The Senate on Tuesday passed a $10 billion short-term extension of unemployment benefits and other government aid after a Republican senator ended his nearly week-long blockade.
Sen. Jim Bunning, Kentucky Republican, had come under withering fire from Democrats and some Republicans said he single-handedly halted unemployment benefits, federal subsidies for health insurance coverage, payments for doctors who treat Medicare patients and highway construction funding -- all of which expired over the weekend. Mr. Bunning had been insisting the Senate find $10 billion elsewhere in the budget to pay for extending those programs.
Late Tuesday, though, he relented and agreed to let the Senate vote on his proposed amendment to pay for the spending by cutting a renewable fuels tax break. That amendment failed and minutes later the Senate voted overwhelmingly to pass the spending bill, 78-19.
"If we cannot pay for a bill that all 100 Senators support, how can we tell the American people with a straight face that we will ever pay for anything?" Mr. Bunning said in offering his amendment.
But Sen. Richard J. Durbin, Illinois Democrat, said he was voting against Mr. Bunning's amendment because at this point it was too late to pay for the emergency aid.
He said if the amendment passed, the bill would likely end up in protracted negotiations between the House and Senate, further delaying the government spending.
"What happens to those unemployed people during that period of time? They don't receive checks," he said.
Mr. Bunning's amendment received 43 votes, including three Democrats and one independent, while 53 senators voted against it.
The bill has already passed the House and now heads to President Obama's desk for his expected signature.
Mr. Bunning warned colleagues he'll call out those that voted against his proposal and said he'll be back on every other spending bill to try to force Congress to pay for what it spends, rather than tack it onto what's already expected to be a record deficit in 2010.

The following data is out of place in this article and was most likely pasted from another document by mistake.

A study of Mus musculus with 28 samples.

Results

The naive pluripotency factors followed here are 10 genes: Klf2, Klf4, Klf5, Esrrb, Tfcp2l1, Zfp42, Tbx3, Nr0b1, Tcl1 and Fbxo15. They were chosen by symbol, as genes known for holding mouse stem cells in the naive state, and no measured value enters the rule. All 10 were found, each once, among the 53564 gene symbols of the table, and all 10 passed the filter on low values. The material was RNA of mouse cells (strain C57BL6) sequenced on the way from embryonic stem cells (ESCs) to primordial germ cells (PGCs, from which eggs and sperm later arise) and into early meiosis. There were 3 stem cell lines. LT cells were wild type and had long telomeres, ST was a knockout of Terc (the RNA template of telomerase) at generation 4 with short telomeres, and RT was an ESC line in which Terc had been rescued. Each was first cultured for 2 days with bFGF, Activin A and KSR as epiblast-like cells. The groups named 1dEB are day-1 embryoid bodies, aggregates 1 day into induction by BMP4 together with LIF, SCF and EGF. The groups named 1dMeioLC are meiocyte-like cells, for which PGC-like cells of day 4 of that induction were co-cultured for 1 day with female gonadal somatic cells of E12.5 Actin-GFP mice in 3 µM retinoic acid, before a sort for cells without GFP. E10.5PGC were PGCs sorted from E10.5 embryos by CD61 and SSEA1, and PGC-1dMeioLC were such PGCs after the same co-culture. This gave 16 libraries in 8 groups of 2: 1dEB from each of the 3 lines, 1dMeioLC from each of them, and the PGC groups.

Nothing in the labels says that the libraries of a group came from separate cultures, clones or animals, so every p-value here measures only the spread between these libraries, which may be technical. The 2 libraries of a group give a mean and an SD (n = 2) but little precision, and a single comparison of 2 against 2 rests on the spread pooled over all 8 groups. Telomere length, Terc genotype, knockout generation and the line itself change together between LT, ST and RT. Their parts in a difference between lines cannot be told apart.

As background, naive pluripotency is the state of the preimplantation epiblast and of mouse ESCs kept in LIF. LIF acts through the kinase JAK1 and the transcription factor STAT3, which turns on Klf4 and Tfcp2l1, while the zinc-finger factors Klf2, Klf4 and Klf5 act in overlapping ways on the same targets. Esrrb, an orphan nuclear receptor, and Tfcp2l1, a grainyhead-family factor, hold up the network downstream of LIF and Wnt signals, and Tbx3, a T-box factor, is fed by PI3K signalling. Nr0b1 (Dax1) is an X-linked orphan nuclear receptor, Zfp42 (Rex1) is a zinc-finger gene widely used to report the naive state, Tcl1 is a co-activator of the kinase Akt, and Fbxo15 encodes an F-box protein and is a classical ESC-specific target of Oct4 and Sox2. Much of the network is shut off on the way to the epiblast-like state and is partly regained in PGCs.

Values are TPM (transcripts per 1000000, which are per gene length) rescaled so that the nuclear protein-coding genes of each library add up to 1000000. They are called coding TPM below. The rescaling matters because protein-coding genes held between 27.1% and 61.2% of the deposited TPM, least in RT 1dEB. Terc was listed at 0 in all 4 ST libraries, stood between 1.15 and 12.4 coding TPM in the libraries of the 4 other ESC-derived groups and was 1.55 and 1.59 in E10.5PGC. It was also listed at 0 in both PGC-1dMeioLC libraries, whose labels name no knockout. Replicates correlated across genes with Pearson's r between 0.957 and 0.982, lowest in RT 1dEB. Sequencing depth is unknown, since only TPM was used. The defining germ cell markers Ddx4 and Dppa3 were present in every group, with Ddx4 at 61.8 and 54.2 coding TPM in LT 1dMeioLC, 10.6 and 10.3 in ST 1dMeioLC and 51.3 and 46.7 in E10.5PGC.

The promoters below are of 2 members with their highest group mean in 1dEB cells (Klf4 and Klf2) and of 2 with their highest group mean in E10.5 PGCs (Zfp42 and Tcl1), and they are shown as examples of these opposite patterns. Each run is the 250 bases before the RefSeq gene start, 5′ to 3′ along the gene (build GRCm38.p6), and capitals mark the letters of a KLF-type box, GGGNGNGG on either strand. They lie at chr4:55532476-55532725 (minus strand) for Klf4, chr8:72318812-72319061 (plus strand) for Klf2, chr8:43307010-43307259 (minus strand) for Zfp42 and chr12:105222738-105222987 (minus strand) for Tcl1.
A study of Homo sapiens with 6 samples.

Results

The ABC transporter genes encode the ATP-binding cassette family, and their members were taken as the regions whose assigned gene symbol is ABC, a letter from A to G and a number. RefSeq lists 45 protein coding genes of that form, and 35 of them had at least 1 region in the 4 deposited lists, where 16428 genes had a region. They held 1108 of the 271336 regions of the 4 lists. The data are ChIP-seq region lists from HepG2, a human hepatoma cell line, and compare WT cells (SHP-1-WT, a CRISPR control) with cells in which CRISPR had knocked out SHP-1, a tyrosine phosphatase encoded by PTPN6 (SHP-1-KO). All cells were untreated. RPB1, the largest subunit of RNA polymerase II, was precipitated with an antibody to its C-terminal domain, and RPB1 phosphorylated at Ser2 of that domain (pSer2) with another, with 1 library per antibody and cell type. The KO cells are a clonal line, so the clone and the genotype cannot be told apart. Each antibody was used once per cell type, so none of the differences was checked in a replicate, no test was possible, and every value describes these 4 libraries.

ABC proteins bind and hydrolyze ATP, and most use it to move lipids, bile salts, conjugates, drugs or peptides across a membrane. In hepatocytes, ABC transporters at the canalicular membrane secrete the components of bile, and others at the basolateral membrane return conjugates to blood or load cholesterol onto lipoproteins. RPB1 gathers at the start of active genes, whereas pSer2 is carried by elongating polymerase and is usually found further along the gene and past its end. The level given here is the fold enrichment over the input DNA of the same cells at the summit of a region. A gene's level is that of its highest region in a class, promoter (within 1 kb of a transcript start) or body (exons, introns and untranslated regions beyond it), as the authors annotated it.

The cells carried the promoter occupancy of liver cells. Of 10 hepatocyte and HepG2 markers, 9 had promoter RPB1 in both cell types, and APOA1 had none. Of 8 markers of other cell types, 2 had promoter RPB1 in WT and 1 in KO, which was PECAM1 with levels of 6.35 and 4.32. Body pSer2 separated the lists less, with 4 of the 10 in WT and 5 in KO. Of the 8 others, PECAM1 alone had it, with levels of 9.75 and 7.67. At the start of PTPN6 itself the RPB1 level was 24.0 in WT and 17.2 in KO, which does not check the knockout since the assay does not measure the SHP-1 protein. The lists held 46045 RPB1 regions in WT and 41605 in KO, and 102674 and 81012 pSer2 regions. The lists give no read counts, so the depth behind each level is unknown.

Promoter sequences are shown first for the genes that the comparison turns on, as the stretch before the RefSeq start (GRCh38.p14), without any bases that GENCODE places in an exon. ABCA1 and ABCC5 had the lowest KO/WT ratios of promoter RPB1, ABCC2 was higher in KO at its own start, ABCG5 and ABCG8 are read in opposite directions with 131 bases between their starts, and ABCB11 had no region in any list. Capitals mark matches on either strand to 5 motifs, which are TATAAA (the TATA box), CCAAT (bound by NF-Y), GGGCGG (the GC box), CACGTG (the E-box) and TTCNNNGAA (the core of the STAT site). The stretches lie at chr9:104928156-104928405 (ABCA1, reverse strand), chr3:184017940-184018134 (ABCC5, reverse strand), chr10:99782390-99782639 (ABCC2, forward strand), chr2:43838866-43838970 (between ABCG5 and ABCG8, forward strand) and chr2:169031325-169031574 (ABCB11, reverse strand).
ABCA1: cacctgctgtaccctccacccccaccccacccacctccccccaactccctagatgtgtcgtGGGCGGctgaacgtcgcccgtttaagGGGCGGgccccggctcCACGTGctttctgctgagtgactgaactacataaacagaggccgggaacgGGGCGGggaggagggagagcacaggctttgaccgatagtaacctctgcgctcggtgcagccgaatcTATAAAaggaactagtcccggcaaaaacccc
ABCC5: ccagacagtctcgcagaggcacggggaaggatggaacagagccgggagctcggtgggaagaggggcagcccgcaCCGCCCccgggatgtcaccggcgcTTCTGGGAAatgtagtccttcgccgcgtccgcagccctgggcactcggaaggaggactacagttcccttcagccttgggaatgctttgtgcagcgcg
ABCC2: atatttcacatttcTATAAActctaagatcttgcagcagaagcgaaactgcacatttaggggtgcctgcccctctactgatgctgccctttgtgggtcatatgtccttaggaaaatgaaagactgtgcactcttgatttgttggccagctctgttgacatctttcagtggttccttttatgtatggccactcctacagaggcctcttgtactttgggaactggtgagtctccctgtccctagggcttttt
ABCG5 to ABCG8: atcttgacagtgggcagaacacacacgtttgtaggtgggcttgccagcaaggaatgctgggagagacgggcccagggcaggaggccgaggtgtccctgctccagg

His stance had proved costly for many Republicans, and on Tuesday morning they joined Democratic leaders in trying to force his hand. Sen. Susan Collins, Maine Republican, took to the Senate floor to urge him to cave.
Standing with or against Mr. Bunning's effort became a litmus test in races across the country this week.
In Florida, Democrats demanded to know whether Republican Senate hopeful Marco Rubio supported Mr. Bunning, while in Kentucky, where Mr. Bunning is not seeking re-election, Democrats and Republicans running for his seat split along party lines.
But Democrats also seemed divided over how best to press their advantage, disagreeing over whether to blame Mr. Bunning solo, or spread blame to the entire Republican conference.
"The obstruction of a single Republican senator," complained Sen. Patty Murray, Washington Democrat. But some of her colleagues said other Republicans have set the table for Mr. Bunning.
Sen. Sherrod Brown, Ohio Democrat, said Mr. Bunning is "just responding to Republican calls to obstruct."
"They've created an environment in the last year that anyway you can obstruct, that's a good thing," he said.
Senate Minority Leader Mitch McConnell, Kentucky's other senator, appeared to just wish the entire issue would go away. At his weekly press briefing he repeatedly ducked reporters' questions about Mr. Bunning's effort, and has ignored the matter on the Senate floor, instead attacking Democrats' health care plans.
But Sen. Jim DeMint, South Carolina Republican, praised Mr. Bunning for a "courageous stand" and said the point is to try to get the Senate to make tough decisions about priorities and spending.
"This is not emergency spending. It was entirely predictable," he said.
Jennifer Haberkorn contributed to this report.